I had the opportunity to visit the White House this week to meet with President Obama, Vice President Biden and their economic team. As the founder & CEO of UncommonGoods, I was one of 15 small business leaders asked to participate in a discussion on the Administration’s approach to the economy and the fiscal cliff.
It was a friendly, relaxed atmosphere, despite the formal setting. When Vice President Biden entered the Roosevelt Room, everyone rose and stood at attention. Laughing, he told us all to sit down – he wasn’t the President. Later, when the President entered, everyone rose again and the President introduced himself to each of us. I had an opportunity to let him know that my wife worked with his late mother and I showed him the UncommonGoods catalog. The President browsed it, admiring many of our products. I let him know that 50% of what we sell is US-made, including a handmade Sea Serpent sculpture that I suggested would look great on the White House lawn. He told me it was a non-starter – “Bo would be too scared of it.”
When we got down to business, the President reassured us that he was committed to working out a reasonable compromise with the Congressional leadership and that we should not expect a repeat of the 2011 budget battle. He also emphasized his commitment to extending the middle class tax cuts, while allowing tax rates for those earning above $250,000 annually to expire. Our group then had an opportunity to give the President suggestions and ask him questions.
When my turn came, I encouraged the President to use his bully pulpit and Federal procurement policy to encourage businesses to take a “triple bottom line” approach – where people and planet are emphasized, along with profit. When the discussion turned to income inequality, I suggested that we raise the minimum wage and peg it to inflation, so that it does not remain a political football. I also volunteered that our country would be well served to have fewer folks in the finance and legal professions and more in the general business sector. Finally, I asked that the Federal government assert leadership in the battle over sales taxes for internet shopping. I suggested that consumers be required to pay sales tax for internet transactions, an issue that is being hotly contested on a state-by-state basis.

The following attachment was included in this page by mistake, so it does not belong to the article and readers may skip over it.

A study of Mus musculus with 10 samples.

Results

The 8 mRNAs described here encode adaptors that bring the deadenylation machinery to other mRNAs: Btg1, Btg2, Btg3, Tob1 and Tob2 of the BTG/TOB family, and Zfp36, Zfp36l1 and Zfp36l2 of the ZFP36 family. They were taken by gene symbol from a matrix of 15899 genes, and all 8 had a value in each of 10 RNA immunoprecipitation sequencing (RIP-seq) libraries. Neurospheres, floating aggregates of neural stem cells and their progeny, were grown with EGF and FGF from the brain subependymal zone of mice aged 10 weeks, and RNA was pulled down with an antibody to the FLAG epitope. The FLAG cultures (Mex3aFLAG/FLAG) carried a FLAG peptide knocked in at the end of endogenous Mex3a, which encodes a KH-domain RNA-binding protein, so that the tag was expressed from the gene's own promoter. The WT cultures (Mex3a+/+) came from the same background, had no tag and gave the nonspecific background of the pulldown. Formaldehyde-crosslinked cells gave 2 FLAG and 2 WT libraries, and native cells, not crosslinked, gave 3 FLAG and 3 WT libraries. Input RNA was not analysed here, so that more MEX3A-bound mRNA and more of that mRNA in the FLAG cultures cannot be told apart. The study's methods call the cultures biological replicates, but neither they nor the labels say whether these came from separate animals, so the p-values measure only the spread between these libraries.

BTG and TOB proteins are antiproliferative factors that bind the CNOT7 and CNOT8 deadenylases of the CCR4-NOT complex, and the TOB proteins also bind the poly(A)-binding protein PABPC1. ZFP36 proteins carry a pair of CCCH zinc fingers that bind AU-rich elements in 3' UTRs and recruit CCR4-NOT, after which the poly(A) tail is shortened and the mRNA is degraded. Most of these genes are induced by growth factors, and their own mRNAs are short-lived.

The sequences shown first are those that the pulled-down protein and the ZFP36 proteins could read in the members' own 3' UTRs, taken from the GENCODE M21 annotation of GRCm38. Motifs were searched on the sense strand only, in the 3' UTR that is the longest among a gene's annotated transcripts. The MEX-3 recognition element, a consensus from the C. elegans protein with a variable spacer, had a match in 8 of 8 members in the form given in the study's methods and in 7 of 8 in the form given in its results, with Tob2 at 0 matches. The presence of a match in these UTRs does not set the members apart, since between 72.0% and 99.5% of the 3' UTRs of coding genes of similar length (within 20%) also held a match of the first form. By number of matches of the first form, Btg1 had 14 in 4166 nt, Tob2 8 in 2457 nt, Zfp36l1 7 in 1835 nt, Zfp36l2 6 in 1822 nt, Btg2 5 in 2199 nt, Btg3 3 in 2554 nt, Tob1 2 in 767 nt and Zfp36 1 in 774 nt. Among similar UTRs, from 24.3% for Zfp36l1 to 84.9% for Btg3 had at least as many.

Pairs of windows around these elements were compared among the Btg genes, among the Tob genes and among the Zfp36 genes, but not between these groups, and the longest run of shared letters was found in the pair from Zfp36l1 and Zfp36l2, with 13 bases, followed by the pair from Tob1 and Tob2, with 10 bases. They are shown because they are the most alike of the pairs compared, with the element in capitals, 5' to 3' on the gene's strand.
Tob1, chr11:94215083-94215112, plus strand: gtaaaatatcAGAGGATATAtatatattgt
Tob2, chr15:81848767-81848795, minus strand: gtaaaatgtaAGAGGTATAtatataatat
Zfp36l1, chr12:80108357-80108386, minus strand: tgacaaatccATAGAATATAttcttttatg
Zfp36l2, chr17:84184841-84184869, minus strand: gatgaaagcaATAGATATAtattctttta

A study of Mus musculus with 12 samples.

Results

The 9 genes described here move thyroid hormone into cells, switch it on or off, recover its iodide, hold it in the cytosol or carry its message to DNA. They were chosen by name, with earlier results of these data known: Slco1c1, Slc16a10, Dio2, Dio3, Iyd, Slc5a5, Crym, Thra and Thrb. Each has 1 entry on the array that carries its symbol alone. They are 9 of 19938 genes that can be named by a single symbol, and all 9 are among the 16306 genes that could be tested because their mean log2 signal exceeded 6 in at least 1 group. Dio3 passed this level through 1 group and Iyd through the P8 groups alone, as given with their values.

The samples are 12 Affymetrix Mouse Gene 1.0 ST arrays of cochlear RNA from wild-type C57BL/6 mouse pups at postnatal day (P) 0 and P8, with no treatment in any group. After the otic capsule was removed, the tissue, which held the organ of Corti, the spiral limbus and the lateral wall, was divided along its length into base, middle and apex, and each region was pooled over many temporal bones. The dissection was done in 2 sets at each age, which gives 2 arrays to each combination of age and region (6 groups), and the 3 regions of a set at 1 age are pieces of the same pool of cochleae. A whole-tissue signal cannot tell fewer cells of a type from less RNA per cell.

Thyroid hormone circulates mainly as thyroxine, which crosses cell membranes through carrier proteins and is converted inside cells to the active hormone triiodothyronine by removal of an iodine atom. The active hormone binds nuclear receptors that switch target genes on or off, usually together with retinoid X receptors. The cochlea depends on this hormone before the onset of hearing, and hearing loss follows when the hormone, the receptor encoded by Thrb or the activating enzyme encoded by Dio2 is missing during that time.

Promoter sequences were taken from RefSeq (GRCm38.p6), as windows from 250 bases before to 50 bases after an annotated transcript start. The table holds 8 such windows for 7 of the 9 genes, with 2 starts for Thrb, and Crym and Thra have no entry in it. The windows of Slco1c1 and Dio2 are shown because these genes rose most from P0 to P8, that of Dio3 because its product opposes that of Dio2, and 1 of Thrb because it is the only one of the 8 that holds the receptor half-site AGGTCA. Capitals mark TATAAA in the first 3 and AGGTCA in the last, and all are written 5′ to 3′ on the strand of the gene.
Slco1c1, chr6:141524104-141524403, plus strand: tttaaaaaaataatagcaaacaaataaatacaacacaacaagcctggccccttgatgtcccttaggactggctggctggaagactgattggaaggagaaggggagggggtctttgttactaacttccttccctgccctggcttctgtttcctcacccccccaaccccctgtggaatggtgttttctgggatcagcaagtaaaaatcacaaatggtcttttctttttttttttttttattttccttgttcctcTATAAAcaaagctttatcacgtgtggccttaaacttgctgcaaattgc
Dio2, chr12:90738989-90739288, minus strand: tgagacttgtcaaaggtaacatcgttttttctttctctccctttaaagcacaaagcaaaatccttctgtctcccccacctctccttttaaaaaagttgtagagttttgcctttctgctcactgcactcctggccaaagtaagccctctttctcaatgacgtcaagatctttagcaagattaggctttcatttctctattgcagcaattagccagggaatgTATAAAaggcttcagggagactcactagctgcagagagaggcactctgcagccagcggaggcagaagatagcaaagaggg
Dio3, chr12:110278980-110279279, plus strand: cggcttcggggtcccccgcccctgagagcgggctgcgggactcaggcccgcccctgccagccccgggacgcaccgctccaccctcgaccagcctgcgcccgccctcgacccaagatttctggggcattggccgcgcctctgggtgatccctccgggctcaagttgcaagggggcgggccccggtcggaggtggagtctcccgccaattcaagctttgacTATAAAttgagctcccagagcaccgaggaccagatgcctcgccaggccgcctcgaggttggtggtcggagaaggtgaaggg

Out of courtesy for my peers in the meeting, I told him that I would be happy to share my 9 other ideas with his team after the meeting, which I did. At the end of the discussion, Vice President Biden asked me for my business card, and told me he’d be in touch. I’m curious to see where that goes. I spoke to another Administration official who assured me that not only would a continuation of the middle class tax cuts be part of the initial budget deal, but that there would also be some reductions in government spending in order to help us get closer to a balanced budget.
While we face tough challenges ahead, I was encouraged to see our government officials engaging in open dialogue with a diverse audience from across the country. For now, I am back at my desk, dreaming of alternative decorations for the White House lawn this coming spring.